Protein, are you getting enough?

What is it and why do we need it?

Protein plays a very important part of a healthy diet. Proteins are made up of chemical building blocks called amino acids, they are called these because they are attached in long chains. The body uses amino acids to build and repair muscles, cartilage, skin and bones and to make hormones and enzymes.  Protein is also a critical part of many processes, it helps to oxygenate your blood, helps to make antibodies to help fight off infections and much more. Protein can also be used as an energy source and contains 4 calories for every 1 gram.

Regular intake of protein is known to speed the recovery post surgery or following an injury, which is particularly important, as we get older.  Many athletes have protein rich meals after a vigorous exercise session to speed up the repairing of the natural muscle damage that occurs during exercise.

After the age of 40 we start to lose muscle mass and this is known as age-related sarcopenia. People who are physically inactive can lose as much as 3-5% of muscle mass for every decade after the age of 30. Even active adults will lose muscles mass but this will be at a much slower rate unless there are other contraindications.  This is so important as muscle gives us strength and stability, and as a result as we get older we may need to have more protein in our daily diet. When following a plant-based diet you should be looking to eat 0.8-0.9g of protein for every kilogram you weigh per day as a guideline, this is slightly higher than someone who consumes animal based proteins.

As plant-based protein can be slightly harder for the body to digest we need to make sure that good protein options are chosen; here are some of the most easily digestible forms.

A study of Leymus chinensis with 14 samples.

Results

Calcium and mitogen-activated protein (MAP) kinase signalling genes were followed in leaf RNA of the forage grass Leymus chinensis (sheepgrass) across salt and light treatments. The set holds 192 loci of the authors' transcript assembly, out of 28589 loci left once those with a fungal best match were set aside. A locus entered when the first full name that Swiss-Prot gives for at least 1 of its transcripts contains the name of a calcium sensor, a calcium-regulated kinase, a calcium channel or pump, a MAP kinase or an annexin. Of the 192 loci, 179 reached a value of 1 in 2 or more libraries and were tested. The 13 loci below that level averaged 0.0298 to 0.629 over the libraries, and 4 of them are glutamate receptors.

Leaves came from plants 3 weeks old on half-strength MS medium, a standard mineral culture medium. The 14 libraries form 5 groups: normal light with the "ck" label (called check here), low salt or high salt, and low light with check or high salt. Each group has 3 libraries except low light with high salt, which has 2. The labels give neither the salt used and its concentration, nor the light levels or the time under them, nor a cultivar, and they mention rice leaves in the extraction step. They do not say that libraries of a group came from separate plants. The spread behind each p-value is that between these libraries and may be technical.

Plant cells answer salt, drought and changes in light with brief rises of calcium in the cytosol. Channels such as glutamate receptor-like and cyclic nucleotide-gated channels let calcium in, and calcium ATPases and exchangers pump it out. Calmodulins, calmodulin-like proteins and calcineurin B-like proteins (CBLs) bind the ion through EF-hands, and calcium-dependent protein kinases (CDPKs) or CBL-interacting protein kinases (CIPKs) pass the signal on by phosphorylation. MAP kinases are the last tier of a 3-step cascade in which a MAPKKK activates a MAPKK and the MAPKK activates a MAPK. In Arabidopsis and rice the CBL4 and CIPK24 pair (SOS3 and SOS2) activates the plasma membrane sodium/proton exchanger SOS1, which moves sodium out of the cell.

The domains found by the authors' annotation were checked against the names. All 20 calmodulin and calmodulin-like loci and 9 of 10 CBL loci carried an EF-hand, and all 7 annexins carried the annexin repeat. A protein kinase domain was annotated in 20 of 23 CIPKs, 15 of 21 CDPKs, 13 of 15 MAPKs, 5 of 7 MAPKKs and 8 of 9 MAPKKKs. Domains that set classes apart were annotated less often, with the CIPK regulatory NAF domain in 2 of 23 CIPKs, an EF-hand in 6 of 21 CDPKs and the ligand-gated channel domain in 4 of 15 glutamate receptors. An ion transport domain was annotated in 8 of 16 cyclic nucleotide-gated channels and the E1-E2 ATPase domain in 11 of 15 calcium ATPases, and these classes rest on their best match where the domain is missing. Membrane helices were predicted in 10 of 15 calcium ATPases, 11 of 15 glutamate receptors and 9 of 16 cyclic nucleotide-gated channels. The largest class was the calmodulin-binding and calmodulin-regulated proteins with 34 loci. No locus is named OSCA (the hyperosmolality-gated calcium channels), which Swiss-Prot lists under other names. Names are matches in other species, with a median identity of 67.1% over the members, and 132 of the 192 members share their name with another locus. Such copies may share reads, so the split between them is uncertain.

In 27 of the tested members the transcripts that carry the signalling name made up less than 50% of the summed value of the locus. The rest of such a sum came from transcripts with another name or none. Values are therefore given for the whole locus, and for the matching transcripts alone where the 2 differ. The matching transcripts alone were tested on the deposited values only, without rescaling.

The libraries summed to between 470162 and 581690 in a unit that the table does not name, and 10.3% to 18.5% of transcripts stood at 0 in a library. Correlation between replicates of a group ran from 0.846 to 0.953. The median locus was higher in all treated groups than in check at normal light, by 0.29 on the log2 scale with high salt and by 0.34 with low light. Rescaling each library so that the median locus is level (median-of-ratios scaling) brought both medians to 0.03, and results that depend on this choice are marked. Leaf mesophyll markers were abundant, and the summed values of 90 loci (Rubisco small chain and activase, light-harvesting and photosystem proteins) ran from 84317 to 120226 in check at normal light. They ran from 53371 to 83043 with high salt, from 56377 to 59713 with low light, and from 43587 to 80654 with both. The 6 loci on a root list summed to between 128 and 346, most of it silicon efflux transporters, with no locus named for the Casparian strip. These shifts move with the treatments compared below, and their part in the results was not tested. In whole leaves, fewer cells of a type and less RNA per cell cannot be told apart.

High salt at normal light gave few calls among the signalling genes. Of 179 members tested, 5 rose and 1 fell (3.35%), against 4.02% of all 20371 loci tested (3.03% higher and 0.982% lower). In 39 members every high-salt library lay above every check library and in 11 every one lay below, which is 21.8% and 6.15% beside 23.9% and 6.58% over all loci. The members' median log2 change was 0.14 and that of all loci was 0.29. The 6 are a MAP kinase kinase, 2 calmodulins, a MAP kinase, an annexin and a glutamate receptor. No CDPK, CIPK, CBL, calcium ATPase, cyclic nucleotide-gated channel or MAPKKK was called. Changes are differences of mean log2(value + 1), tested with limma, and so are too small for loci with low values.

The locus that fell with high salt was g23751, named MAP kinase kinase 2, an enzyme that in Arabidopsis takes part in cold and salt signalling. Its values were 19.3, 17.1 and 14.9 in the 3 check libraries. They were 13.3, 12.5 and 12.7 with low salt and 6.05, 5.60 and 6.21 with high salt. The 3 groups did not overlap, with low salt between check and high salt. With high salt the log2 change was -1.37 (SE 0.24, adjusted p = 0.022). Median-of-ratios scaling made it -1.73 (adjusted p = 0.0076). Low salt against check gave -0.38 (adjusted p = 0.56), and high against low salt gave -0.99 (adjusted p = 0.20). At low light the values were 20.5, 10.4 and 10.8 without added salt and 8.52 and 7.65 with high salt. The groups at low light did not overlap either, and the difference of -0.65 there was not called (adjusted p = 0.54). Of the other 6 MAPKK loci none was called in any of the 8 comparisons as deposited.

• Seitan
  • Wheat flour
  • Soya
  • Peanuts and peanut butter
  • Green peas
  • Lentils
  • Rice
  • Beans
  • Oats
  • White quinoa

Other great sources or protein are nuts, seeds, tofu, chickpeas, mycroprotein, tempeh, teff and soya milk

Beyond this there are many other sources of proteins that can boost our intake, for example;

  • Whole-wheat pasta
  • Wholegrain bread
  • Spelt flour (beware this is particularly high in gluten, and so should be avoided by anyone with coeliac disease or a gluten intolerance and some IBS sufferers)
  • Spirulina
  • Hemp
  • Amaranth
  • Buckwheat
  • Broccoli
  • Spinach
  • Asparagus
  • Sweet potatoes
  • Brussels sprouts

Be aware of meat substitutes as a protein alternative as these can often be high in unwanted salt and fats.

Choose a varied combination of proteins each week, not only will this help to ensure your body is getting everything it needs, but it also helps to remove the boredom from have the same type of food source regularly.